A Pfizer Pill to Treat COVID-19 Could Be Available By the End of 2021 — Here's What's Known So Far
Pfizer's CEO described it as a "game-changer."
This story originally appeared on Health.com by Claire Gillespie.
This week, the CEO of Pfizer told CNBC that an antiviral treatment for COVID-19 could be available to the public by the end of 2021. It will be in the form of a pill taken orally at home, and the pill is expected to be effective against variants of the virus.
The news about Pfizer's antiviral pill was also reported on April 26 in the UK newspaper Telegraph. According to the outlet, Pfizer is currently conducting trials in the US and Belgium, with adult volunteers taking pills designed to provide a "cure" for COVID-19. When asked about this on CNBC's Squawk Box, Pfizer CEO Albert Bourla said "it is accurate" to say the company is "working on" such therapies.
In fact, the company is testing two antivirals, one that is injected intravenously and another that is taken orally, Bourla said. He explained that Pfizer is focusing on the oral option because it "provides several advantages," principally that there's no requirement to go to the hospital, and a health care provider doesn't have to be present to administer the treatment. He described the oral antiviral pill as a "game changer." The "end of the year" is a reasonable time frame for availability to the public, Bourla said, but it depends on the success of clinical trials and approval by the Food and Drug Administration. More news of the drug should be available over the summer, he added.
Though Bourla's comments on the new treatment have made headlines this week, Pfizer actually announced the beginning of Phase 1 clinical trials of the drug, known as PF-07321332, in late March. It's designed to work by stopping the SARS-CoV-2 virus from replicating in the cell, thanks to the presence of protease inhibitors, which bind to viral enzymes. Protease inhibitors are used to treat other viral pathogens, like hepatitis C and HIV.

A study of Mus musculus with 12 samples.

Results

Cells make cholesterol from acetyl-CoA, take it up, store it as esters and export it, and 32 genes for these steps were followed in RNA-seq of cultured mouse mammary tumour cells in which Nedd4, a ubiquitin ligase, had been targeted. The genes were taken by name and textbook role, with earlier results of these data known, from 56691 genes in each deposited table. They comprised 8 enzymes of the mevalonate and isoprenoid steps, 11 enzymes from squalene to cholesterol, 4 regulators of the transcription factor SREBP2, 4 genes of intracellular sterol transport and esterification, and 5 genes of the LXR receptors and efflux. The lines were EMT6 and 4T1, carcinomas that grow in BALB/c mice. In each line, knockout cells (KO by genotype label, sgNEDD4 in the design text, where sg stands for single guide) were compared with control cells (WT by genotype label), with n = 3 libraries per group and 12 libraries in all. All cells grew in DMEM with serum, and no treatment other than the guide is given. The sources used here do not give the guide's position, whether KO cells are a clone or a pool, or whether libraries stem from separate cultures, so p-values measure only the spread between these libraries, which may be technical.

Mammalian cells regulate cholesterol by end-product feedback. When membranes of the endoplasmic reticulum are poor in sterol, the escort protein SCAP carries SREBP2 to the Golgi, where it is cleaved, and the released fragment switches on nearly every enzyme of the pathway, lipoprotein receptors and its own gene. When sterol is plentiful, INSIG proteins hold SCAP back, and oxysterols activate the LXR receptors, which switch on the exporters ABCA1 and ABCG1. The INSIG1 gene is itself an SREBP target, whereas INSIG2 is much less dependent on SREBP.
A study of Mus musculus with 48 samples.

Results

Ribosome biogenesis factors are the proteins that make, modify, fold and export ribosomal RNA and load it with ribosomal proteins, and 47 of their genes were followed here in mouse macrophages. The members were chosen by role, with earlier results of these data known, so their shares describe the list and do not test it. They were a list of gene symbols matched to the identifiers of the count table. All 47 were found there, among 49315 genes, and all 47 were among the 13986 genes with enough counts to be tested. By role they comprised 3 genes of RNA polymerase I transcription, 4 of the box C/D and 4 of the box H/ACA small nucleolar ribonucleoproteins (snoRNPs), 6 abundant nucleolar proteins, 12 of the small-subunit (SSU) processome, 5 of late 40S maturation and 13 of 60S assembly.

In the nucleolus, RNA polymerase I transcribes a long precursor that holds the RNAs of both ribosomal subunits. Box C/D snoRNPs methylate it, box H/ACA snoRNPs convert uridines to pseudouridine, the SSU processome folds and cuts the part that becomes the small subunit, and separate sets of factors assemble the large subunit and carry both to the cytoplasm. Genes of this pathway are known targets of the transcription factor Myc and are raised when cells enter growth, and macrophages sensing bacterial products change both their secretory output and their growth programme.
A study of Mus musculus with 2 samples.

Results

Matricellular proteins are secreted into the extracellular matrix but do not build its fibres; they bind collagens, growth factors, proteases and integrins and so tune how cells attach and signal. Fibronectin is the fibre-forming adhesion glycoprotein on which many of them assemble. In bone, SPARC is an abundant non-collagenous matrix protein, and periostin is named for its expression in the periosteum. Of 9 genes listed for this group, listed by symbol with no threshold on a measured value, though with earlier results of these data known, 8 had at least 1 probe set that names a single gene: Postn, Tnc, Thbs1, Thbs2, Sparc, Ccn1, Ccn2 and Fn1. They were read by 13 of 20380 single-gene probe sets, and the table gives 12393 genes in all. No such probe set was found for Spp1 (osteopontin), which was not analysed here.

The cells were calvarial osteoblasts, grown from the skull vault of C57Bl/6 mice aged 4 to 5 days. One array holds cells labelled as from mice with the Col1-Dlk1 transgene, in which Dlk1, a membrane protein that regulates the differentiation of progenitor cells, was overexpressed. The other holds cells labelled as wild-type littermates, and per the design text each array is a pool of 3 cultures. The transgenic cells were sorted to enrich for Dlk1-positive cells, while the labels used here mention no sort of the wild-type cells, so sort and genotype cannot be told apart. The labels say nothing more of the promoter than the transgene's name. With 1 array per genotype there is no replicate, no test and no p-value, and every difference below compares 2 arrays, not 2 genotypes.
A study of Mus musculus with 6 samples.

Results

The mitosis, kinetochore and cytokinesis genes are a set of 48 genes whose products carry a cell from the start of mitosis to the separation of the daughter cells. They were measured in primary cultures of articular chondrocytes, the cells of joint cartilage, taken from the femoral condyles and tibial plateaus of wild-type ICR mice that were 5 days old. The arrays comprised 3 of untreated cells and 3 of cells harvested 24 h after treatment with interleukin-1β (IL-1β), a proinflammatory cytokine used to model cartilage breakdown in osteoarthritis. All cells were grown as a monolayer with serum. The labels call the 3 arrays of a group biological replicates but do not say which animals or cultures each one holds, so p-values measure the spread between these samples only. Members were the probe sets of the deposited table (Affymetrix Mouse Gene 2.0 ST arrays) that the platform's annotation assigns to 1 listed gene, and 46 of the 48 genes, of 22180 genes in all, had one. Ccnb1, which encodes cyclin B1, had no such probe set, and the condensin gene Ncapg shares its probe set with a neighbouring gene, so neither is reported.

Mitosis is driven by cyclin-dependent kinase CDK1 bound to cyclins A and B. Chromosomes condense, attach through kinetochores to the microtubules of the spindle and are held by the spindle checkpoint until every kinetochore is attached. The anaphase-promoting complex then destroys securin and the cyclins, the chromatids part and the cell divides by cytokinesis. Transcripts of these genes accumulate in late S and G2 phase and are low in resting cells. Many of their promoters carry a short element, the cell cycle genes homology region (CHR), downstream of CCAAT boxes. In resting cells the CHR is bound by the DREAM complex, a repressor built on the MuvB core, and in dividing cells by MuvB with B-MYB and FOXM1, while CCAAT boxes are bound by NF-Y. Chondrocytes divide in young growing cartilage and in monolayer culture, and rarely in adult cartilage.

"Tackling the Covid-19 pandemic requires both prevention via vaccine and targeted treatment for those who contract the virus," said Mikael Dolsten, Pfizer's chief scientific officer, in a press release. "Given the way that SARS-CoV-2 is mutating and the continued global impact of COVID-19, it appears likely that it will be critical to have access to therapeutic options both now and beyond the pandemic." (Related: You Might Need a Third Dose of the COVID-19 Vaccine)
To date, more than 235 million COVID-19 vaccines have been administered in the US, with more than 98 million Americans fully vaccinated (either by Johnson & Johnson's single-dose vaccine or the two-dose series from Pfizer-BioNTech or Moderna). But experts believe that containing the pandemic requires more than vaccination, as Dolstein stated, and scientists continue to work on drugs to treat the illness when it is first detected.
One therapeutic for COVID-19 has already been approved. In October 2020, the FDA approved remdesivir (brand name Veklury) for adults and children 12 years and older who already have COVID-19, making it the first drug given the OK by the agency to treat the virus. But remdesivir is designed for people who are in the hospital with severe COVID-19, not to be taken at home in the early stages of the illness. If approved by the FDA, the new oral pill will be the first of its kind to treat COVID-19.
In the CNBC interview, Bourla also spoke of the people who are concerned about the long-term safety of the COVID-19 vaccine, and therefore hesitant to get their shots. "You should never try to ridicule [these people] or to challenge their judgment because of their decision," Bourla said. "They are whole good, decent people and either they have a real fear, or they have been misinformed."
He continued, "I found that what really resonates with those people, it is when you explain to them that, okay, you may have your doubts, but your decision is not going to influence only your health, your decision to get vaccinated is going to influence the health of others and likely the health of the people that you like and you love the most because they're the people that you interact with."
The information in this story is accurate as of press time. However, as the situation surrounding COVID-19 continues to evolve, it's possible that some data have changed since publication. While Health is trying to keep our stories as up-to-date as possible, we also encourage readers to stay informed on news and recommendations for their own communities by using the CDC, WHO, and their local public health department as resources.